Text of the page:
South Shore Rising
Sandy money too slow? Blame Washington.
Congressman Peter King says 11-week delay to pass bill is to blame
By Anthony Rifilato and Mary Malloy arifilato@liherald.com and mmalloy@liherald.com
Susan Grieco/Herald
Richard V. Guardino, Jr., Hofstra’s Vice President for Business Development introduced the program.



“What happened with Sandy is really a metaphor with what’s happening in Washington,” U.S. Rep. Peter King said about the recent imbroglio over Hurricane Sandy aid.

Last November, when New York and New Jersey lawmakers requested a combined $75 billion to help Hurricane Sandy victims — just as the federal government was heading toward a “fiscal cliff” — King said he immediately sensed that something was wrong.

“Whenever there was a natural disaster in the past, it was unquestioned that assistance would be given,” said King, the keynote speaker at last Friday’s installment of the Distinguished Lecture Series at Hofstra University, where he discussed the fight to pass a hurricane relief bill and how an 11-week delay in Congress significantly set back the reimbursement process for homeowners and businesses. “For instance, with Katrina in 2005, within four days we voted for $11 billion, and six days later another $53 billion. Everybody from New York voted … it’s always been done … the belief being that a natural disaster warrants national attention.”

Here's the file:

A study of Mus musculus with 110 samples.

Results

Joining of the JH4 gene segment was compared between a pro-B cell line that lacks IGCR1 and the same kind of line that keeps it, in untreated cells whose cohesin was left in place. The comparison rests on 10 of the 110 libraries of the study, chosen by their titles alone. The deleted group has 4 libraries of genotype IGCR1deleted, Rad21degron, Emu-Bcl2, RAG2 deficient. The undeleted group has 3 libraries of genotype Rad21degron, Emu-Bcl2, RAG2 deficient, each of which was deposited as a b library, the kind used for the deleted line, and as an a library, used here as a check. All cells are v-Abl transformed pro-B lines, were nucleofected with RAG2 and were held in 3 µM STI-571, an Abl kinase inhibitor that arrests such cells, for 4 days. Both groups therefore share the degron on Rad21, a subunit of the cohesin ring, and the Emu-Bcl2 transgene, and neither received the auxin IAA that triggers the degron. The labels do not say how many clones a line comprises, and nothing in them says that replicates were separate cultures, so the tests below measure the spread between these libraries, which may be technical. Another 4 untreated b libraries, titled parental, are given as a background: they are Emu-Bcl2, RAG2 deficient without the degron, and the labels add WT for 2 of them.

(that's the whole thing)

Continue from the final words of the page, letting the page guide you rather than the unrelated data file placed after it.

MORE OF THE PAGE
As King described it, this was the first time the New York delegation had requested help with a natural disaster. “We went through all the numbers, what was needed and how important it was that we get it done as quickly as possible, because time was really getting worse as we headed into the fall and winter and people were in desperate shape,” he said. “… I think more than half the people in Island Park still haven’t gotten back into their homes.”

With Republicans divided over what to do about the fiscal cliff, he said, lawmakers in the House of Representatives left for the Christmas and Hanukkah break without a resolution. “If we don’t get this resolved,” King said he told House Majority Leader Eric Cantor, “we’re dead.”